In June 2005, I began teaching writing classes at the Romsey Neighbourhood House, and a few months later, started the Romsey Writer’s Group with a small but enthusiastic band of members.
We met on a regular basis to learn about writing, share our writing adventures and critic each other’s work. Over the years we talked about what fun it would be to produce an anthology of our own.
About 18 months ago we applied for a Community Arts Grant through the Macedon Ranges Shire to try and get our project off the ground. By then we had decided to expand the works beyond our own writing and invite other members of the local community to share their stories.
We had chosen the theme, Moving On for our project – feeling that it would be universal – knowing that there are so many people who have moved on from adversity in their lives. Our purpose for the anthology became not just about writing, but about the therapeutic benefits of self-expression and also we hoped that others would find our stories and poems uplifting, and perhaps their lives would be changed for the better.
Once our grant application had been accepted, the next step was to seek submissions. We promoted what we were doing through libraries, neighbourhood houses and our local media – and were overwhelmed with the response. It wasn’t long before we had a massive pile of submissions from writers aged 15 to 90 on a range of themes including loss of a loved one, aging, marriage breakdown, serious illness, relocation and displacement, accident recovery, bushfire survival and physically moving on.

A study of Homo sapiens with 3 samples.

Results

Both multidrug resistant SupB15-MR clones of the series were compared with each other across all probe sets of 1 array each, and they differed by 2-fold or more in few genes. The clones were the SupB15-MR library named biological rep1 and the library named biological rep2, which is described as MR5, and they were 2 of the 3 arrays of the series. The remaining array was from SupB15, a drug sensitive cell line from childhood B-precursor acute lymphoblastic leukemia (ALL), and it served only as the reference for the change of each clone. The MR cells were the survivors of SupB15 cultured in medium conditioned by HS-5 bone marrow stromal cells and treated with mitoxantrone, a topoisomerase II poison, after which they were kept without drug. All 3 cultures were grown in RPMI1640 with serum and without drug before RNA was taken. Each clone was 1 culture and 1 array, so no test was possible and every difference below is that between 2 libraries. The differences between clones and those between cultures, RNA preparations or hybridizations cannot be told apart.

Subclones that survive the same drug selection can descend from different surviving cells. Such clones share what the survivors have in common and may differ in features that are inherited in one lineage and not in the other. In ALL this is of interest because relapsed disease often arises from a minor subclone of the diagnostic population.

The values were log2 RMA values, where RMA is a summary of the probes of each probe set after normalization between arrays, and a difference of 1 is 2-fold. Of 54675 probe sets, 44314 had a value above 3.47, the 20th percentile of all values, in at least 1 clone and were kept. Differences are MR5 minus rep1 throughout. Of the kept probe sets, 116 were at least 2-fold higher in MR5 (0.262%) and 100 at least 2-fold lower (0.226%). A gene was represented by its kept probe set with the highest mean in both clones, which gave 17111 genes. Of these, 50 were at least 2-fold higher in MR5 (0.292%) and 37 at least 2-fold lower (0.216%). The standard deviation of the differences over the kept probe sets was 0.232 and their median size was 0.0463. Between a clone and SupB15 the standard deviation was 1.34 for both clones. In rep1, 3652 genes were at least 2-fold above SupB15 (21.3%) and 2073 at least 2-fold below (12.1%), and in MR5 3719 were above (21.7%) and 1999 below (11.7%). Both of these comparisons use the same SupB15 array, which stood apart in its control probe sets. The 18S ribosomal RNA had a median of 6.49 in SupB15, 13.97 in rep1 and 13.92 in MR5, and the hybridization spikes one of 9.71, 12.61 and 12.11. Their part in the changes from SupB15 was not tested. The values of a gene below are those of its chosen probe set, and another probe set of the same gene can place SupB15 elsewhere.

Most of the stories and poems required little editing and we were able to include a great majority of them in our publication, Moving On. Once we had the basic content worked out, we then had to decide what we wanted our book to look like. Being a community project, we wanted to involve as many local people as possible.
We held an art competition in Secondary Colleges within the Macedon Ranges and once again, were overwhelmed with the volume and quality of the submissions. Aside from those on the front and back cover, we used as many illustrations as we could throughout the book.
Moving On has ended up being a truly inspiring collection of stories and poems written by remarkable people and supported with wonderful illustrations by talented young artists. This project took over 12 months and many, many hours of editing and formatting, but it has been an astounding success not just in terms of the end result (over 330 pages of great reading).
One of the most rewarding things has been the enjoyment and pleasure it has brought all contributors; many of who had never before seen their works in print.
When Moving On was launched last Saturday 24th October by State Labour MP and former librarian Joanne Duncan, it was truly a moving occasion. People came on walking frames, by car, on scooters, with dogs, with children, grandchildren, parents and siblings to celebrate seeing their works in print and meeting their co-contributors.
Personally, it was a wonderful and rewarding day. As a writer, it was an inspiration to see the excitement and joy on the faces of others; many of whom had never realised until now that they are writers, or had waited decades to see their first piece of work published.